Royals' 6-run 7th earns 3rd straight series win
Duffy earns 1st win since July 28; McBroom delivers clutch hit
MIAMI -- Though postseason hopes aren’t on the line this weekend at Marlins Park, that doesn’t change the Royals’ mindset, especially as they play some of their best baseball during the season’s final month.
Left-hander Danny Duffy put together a solid start and the offense capitalized on late Marlins miscues in a six-run seventh inning, as the Royals captured their third straight series win with a 7-2 comeback victory on Saturday night.
“It's huge,” Duffy said. “We're playing well. Like I said in my last start, we have to treat every day like it’s the most important game that we'll ever play. Regardless of where we’re at in the standings, we don’t take a single pitch for granted, and you saw that with the way our guys battled in the top of the seventh. We all want to do the best we can for each other and finish on a strong note, be able to ride that wave.”
Here are the three stars of the game:
He collected his first win since July 28 by allowing just one run and a season-low two hits over six innings. His lone blemish was a bases-loaded hit-by-pitch to opposing pitcher Caleb Smith with two strikes in the second. Consecutive walks preceded the run-scoring HBP.
The 30-year-old Duffy called the outing a grind, as he continually reminded himself to drive the ball down -- something he couldn’t do very much of early on. Still, Duffy limited the damage and kept his club in the game with the chance to rally.
In two starts since returning from the injured list with a left hamstring strain, Duffy has given up five runs (four earned) in 12 1/3 innings. He also recorded his first hit since July 9, 2017, with a leadoff single in the fifth.
“Honestly, I felt like I was less in control today,” said Duffy, who walked four and struck out five. “I felt like my command was a tick off. I was able to make pitches when I needed to, but I felt like my command coming off the IL was better than it was today.”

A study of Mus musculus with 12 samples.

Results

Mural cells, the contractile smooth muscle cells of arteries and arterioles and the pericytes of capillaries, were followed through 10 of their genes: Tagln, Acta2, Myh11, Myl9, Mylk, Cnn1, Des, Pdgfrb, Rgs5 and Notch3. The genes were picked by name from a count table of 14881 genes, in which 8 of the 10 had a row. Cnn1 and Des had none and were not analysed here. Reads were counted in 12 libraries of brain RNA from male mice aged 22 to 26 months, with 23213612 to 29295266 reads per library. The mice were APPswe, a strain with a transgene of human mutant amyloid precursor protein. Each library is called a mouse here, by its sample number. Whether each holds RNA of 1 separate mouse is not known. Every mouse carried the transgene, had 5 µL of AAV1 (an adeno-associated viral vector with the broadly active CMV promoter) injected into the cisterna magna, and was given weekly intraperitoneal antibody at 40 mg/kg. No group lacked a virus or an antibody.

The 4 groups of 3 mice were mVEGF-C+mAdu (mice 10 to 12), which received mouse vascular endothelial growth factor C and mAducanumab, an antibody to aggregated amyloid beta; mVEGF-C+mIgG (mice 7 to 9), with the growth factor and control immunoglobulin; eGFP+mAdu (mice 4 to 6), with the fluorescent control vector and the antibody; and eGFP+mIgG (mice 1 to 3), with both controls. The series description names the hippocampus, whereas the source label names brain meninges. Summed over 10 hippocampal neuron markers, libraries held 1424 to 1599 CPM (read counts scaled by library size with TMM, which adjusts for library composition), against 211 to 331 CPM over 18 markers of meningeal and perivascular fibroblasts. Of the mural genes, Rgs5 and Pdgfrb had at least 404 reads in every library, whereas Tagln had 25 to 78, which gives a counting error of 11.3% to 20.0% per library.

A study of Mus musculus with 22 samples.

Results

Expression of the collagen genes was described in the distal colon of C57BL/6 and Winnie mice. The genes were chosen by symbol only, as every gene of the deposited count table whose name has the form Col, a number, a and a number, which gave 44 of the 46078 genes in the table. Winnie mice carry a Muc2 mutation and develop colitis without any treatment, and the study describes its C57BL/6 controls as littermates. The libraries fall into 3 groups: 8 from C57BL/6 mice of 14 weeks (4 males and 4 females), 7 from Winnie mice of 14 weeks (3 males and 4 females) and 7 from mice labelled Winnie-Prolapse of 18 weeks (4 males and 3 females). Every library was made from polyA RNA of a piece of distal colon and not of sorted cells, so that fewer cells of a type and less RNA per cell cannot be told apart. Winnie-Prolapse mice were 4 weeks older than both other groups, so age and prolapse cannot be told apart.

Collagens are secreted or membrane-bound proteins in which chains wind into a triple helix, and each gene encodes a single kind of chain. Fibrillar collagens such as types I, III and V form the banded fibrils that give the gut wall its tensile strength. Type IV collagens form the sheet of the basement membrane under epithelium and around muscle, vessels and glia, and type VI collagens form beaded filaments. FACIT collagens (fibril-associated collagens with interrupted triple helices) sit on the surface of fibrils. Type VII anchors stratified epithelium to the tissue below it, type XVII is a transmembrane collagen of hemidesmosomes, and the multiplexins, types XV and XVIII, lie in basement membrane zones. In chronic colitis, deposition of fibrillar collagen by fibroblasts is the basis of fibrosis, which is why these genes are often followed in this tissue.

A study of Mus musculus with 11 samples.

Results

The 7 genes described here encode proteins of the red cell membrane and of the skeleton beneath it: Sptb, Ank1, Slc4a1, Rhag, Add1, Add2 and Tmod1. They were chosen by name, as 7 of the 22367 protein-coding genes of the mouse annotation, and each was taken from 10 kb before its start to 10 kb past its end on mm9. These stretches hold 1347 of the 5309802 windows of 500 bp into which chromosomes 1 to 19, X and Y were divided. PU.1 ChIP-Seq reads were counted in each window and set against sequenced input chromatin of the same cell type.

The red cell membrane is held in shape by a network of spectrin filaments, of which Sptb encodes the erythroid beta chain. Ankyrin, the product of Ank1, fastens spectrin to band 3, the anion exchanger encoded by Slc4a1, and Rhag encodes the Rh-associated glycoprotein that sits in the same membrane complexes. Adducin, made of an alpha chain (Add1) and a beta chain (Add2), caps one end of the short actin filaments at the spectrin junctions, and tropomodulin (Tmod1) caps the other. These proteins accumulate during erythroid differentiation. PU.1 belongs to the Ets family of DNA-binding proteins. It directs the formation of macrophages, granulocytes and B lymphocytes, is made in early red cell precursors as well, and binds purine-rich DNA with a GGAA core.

2. Ryan McBroom
Trailing, 1-0, in the seventh inning, the Royals quickly turned their deficit into a 6-1 lead by taking advantage of sloppy defense by the Marlins. After first baseman Garrett Cooper strayed too far from the bag on a routine grounder to second by Bubba Starling to lead off the frame, pinch-hitter Cheslor Cuthbert walked and Whit Merrifield sent a blooper to left that dropped and scored a run when Austin Dean bobbled the ball. Following a strikeout and intentional walk, Hunter Dozier hit a go-ahead RBI single and Alex Gordon walked in a run.
But the big blow came from McBroom, who had just missed his first Major League homer on a double in the fourth. He knocked a bases-clearing double to right field off Ryne Stanek to cap the scoring.
“The pressure was high, and I just locked it in,” said McBroom, who went 2-for-5. “Looking for a fastball over the plate I could drive, and I got a good pitch I could hit. I went to right field with it and was able to score three runs, and it was huge for us.”
Since being acquired from the Yankees last Saturday, McBroom has hit safely in all four games he has started for the Royals. He recorded three of the game’s seven-fastest exit velocities, according to Statcast. McBroom acknowledged that nerves have been high because he wants to impress his new organization, but not to the detriment of his play on the field.
It’s a continuation of what McBroom did at Triple-A this season, when he slashed .315/.402/.574 and led the International League in runs scored (87) and OPS (.976).
“I like the way he swings the bat,” manager Ned Yost said. “I like his swing. I like his confidence. He put up really, really good numbers in Triple-A this year. Looks good here so far.”
3. Tim Hill
After Jacob Barnes permitted a run and exited with two runners on and one out in the eighth, Yost turned to the left-handed Hill to squash the threat. He did so by getting pinch-hitter Martin Prado to ground into an inning-ending 6-4-3 double play to keep it a 6-2 ballgame.
Hill, who also induced an inning-ending groundout in Thursday's series finale in Detroit, entered Saturday with a 62 percent ground-ball rate -- ninth among American League relievers with at least 10 innings pitched, according to Fangraphs. He pitched a scoreless ninth to collect his first save of the season after Jorge Soler extended the franchise’s single-season home run mark to 41 in the top half of the fame.
“Huge in that situation [that] Timmy came in to,” Yost said. “[Closer Ian Kennedy has] been in five out of seven, but felt good today and was going to go in for a save, but I did not want to use him. I didn't want to get in that situation where now it's a four-run lead, it's two guys on in the ninth and I’ve got to bring him. Timmy gets out [of it], Soler's 41st home run was big, puts it back to five. Timmy closes it out. Great job by Timmy keeping Ian out of that game.”